Concerns raised over SRA’s ethnic attacks

The violence committed by ethnic militant groups, such as the SRA, has overtaken religious violence in the province, says a police official

November 30, 2021
A police van.
A police van. 

Adopting a past strategy of banned Baloch separatist outfits, the Sindhudesh Revolutionary Army (SRA), a proscribed Sindhi militant outfit, has intensified its attacks on people of Punjabi and Pashtun ethnicities in various parts of Sindh.

On Saturday, gunmen killed Rana Sakhawat Rajput, a Pakistan Tehreek-e-Insaf leader and an ethnic Punjabi, in a daylight ambush at his flour mill in the Lalu Ranuk area of the Kambar-Shahdadkot district.

Rajput had participated in the general elections from NA-203 in 2013 and 2018, and served as an elected local government representative in the past. Sindh Governor Imran Ismail also condemned his killing.

The SRA has claimed responsibility for Rajput’s murder, warning “all settlers to leave Sindh”. Rajput’s assassination is the latest in the SRA’s ongoing attacks targeting Punjabi and Pashtun residents as well as law enforcement officials in various parts of the province, particularly in Larkana Division.

In May 2020, the federal government had banned the SRA, along with two other groups — the Sindhudesh Liberation Army (SLA) and the Jeay Sindh Qaumi Mahaz-Arisar — for their involvement in terrorism in the province.

The concerns Last month, in a report on the law and order situation of Larkana Division that was sent to the Sindh Home Department, a security agency showed its concerns over the rise in target killings of non-Sindhis, particularly Punjabis and Pashtuns, in the region.

“The deteriorating law and order situation is begetting sporadic target killings of Punjabi and Pathan [Pashtun] settlers by anti-state anarchists,” said the letter, a copy of which is available with The News.

The report also listed the recent attacks on Punjabis and Pashtuns whose responsibility the SRA claimed. On October 5, two labourers from Punjab’s Rahim Yar Khan district were gunned down in Kambar city. On September 12, unknown gunmen killed Muhammad, a Pashtun car showroom owner, in District Dadu’s Mehar city.

On August 13, SRA militants killed Rana Tanveer at his cold drinks shop, and on August 2, Pashtun trader Syed Tajuddin in Larkana city. On June 24, gunmen killed a Pashtun cobbler in District Kambar-Shahdadkot’s Naseerabad.

“The SRA has adopted a past strategy of the Baloch Liberation Army [a banned Baloch separatist group], which used to target Punjabi teachers, barbers and labourers in Balochistan,” said a senior law enforcement official. “The ongoing crackdown has made it difficult to attack hard targets, so the group has chosen to attack soft targets, such as poor labourers of Punjabi or Pashtun origin, or rail tracks in abandoned areas.”

Emerging threat

The violence committed by ethnic militant groups, such as the SRA, has overtaken religious violence in the province, said Counter Terrorism Department DIG Omar Shahid Hamid while addressing a news conference to launch the Red Book this June.

Last year, Sindhi separatist groups perpetrated 10 terrorist attacks across the province, including the provincial capital of Karachi, and responsibility for eight of them was claimed by the SRA alone, according to the Pakistan Security Report 2020 of the Islamabad-based think tank Pak Institute for Peace Studies.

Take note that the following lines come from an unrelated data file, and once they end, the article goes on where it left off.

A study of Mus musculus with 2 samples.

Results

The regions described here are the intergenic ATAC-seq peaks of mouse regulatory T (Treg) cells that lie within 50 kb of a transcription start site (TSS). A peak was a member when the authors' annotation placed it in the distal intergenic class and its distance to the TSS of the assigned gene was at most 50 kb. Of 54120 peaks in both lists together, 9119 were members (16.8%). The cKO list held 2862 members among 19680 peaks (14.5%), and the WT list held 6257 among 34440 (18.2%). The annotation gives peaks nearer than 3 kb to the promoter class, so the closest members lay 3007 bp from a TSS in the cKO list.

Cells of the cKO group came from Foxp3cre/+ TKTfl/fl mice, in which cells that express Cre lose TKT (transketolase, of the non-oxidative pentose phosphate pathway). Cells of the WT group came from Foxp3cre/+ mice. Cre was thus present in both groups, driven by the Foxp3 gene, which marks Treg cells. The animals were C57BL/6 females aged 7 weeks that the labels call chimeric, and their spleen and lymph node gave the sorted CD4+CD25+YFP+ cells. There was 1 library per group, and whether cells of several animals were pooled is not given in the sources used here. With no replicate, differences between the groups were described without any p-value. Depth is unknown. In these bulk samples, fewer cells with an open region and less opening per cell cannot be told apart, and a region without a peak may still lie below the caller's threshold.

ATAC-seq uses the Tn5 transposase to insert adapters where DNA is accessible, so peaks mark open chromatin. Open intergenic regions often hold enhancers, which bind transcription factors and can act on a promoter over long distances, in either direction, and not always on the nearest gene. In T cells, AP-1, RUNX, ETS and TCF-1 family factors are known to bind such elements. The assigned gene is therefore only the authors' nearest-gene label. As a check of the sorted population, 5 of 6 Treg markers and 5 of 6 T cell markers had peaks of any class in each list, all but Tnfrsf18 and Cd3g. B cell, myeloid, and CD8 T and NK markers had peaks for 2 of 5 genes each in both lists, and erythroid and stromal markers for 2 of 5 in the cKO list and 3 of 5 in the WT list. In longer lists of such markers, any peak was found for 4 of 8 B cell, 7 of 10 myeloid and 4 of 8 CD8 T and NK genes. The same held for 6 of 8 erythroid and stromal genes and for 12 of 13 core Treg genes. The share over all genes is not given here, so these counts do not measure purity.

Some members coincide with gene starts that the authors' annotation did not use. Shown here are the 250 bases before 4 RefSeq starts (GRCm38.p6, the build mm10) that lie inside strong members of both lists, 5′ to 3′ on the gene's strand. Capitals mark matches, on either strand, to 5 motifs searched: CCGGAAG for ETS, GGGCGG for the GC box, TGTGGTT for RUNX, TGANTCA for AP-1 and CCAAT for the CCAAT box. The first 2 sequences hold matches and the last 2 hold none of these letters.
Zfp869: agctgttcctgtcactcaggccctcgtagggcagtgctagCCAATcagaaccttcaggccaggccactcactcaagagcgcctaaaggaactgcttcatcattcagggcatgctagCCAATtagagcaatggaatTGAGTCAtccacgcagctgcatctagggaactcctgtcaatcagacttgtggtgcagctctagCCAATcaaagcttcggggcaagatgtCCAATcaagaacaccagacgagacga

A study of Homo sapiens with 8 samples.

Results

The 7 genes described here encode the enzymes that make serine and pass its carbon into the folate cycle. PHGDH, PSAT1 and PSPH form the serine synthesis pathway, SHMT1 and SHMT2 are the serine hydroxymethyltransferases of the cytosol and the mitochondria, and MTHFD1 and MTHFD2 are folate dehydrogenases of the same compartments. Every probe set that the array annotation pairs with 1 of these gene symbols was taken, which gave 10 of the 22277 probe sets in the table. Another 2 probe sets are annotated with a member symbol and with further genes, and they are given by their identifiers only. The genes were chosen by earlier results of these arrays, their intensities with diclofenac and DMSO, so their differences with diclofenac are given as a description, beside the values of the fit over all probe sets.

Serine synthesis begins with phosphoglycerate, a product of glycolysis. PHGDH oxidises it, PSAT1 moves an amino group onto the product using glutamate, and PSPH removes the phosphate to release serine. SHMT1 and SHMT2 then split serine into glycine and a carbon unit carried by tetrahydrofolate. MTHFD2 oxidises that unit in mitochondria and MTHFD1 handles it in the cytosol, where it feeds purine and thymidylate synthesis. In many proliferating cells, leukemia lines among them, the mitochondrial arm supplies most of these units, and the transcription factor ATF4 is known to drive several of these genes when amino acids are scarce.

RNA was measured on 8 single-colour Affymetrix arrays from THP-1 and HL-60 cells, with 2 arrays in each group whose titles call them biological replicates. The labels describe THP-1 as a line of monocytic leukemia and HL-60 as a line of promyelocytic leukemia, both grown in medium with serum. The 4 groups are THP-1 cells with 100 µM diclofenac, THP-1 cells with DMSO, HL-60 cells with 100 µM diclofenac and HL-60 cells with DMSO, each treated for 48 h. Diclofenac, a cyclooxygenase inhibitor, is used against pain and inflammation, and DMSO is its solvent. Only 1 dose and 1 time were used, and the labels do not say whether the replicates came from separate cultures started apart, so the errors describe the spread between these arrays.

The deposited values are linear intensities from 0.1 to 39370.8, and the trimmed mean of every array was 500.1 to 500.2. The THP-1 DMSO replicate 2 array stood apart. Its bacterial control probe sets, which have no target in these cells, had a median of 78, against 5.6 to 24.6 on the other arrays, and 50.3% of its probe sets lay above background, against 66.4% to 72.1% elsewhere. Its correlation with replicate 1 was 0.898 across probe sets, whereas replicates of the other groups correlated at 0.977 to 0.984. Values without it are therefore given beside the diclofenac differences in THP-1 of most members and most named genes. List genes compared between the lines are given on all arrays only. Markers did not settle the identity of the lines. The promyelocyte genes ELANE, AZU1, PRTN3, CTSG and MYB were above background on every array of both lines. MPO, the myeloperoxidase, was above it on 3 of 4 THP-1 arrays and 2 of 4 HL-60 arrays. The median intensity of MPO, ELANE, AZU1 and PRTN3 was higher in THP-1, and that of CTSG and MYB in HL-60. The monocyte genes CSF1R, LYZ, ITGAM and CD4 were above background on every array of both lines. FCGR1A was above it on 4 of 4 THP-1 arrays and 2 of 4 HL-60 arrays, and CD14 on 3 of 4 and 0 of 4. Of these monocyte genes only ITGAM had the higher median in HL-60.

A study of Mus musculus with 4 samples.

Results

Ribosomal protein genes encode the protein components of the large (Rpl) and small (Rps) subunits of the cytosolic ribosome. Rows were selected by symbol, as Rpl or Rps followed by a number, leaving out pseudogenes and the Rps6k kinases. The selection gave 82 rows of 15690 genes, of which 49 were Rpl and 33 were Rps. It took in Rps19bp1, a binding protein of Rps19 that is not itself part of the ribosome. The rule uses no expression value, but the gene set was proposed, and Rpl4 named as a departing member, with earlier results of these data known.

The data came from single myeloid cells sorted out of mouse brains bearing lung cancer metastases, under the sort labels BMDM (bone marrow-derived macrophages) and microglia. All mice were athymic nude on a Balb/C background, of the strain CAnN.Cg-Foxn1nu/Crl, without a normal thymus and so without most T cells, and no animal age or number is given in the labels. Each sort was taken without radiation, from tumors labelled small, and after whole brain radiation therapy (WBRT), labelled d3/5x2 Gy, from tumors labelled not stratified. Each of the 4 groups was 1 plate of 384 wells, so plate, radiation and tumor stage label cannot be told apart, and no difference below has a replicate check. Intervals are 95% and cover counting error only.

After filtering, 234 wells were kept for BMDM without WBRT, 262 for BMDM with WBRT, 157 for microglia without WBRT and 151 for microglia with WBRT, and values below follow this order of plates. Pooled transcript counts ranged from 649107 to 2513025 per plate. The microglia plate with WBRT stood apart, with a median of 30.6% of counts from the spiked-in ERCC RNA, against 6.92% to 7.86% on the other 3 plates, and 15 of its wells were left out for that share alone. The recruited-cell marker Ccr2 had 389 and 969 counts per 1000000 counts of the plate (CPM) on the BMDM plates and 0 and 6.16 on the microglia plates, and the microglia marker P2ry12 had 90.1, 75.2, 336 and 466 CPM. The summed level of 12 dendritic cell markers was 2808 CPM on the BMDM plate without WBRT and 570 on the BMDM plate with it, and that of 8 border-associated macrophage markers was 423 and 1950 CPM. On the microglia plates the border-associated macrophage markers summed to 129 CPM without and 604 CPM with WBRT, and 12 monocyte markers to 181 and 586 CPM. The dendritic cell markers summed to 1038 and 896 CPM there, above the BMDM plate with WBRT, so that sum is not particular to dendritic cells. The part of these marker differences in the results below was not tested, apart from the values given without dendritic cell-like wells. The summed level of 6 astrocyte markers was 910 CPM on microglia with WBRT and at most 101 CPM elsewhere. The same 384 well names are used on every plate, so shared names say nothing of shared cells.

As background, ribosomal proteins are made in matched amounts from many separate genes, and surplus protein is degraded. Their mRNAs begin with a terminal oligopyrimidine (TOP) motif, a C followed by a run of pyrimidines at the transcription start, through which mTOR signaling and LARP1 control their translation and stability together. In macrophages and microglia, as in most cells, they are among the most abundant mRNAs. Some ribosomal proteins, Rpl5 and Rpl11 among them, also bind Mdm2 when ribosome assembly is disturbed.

A few years ago, Syed Asghar Shah, a leader of the Jeay Sindh Muttahida Mahaz (JSMM), a Sindhi nationalist group led by Shafi Burfat, had abandoned the group after developing differences over funds, and later formed his own outfit, the SRA, according to a security official in Karachi.

In 2013, the federal government had banned the JSMM for their involvement in province-wide violence, and placed Burfat, who lives in Europe in self-exile, on its list of wanted persons. The SLA is linked with Burfat.

Threats to CPEC

The security agency also warned in its letter that the SRA has been posing threats to the security of the Chinese nationals and projects linked with the China-Pakistan Economic Corridor (CPEC). Last year, the SRA had announced becoming a part of the Baloch Raji Ajoi Sangar, a conglomerate of four banned Baloch militant groups that targets CPEC projects and the security forces.

Insecurity

Groups representing Punjabis and Pashtuns in rural Sindh have been expressing concerns about their security after the rise in the SRA’s attacks on their respective communities’ members. “The killings of members of both communities have been occurring for the past few years, but they are not highlighted in the media,” said a leader of the Punjabi community living in the province.

“Punjabis have been living in rural Sindh since Partition. Retired armed forces personnel, especially those who served in the British Indian Army before Partition, have been given land here, and one can find hundreds of chaks [planned villages].”

Rajput was also born in Lalu Ranuk, and his father had migrated around Partition. The Punjabi community leader said that not a single person from the Pakistan Peoples Party (PPP), Sindh’s ruling party, attended the funeral of Rajput, who had been elected LG representative several times from Lalu Ranuk.

“It seems that either the PPP does not want to irritate its support base within Sindhi sub-nationalist groups or it is afraid of facing backlash from the SRA.”

After massive protests in various parts of Khyber Pakhtunkhwa over the killing of three Pashtun labourers in Naudero in Larkana district in February 2019, the PPP leadership had asked its Sindh minister Syed Nasir Hussain Shah to go to Bajaur with the victims’ bodies. “The rise in the SRA’s attacks in rural Sindh has made the Pashtun community living in rural Sindh for decades vulnerable and insecure,” said a provincial leader of the Awami National Party.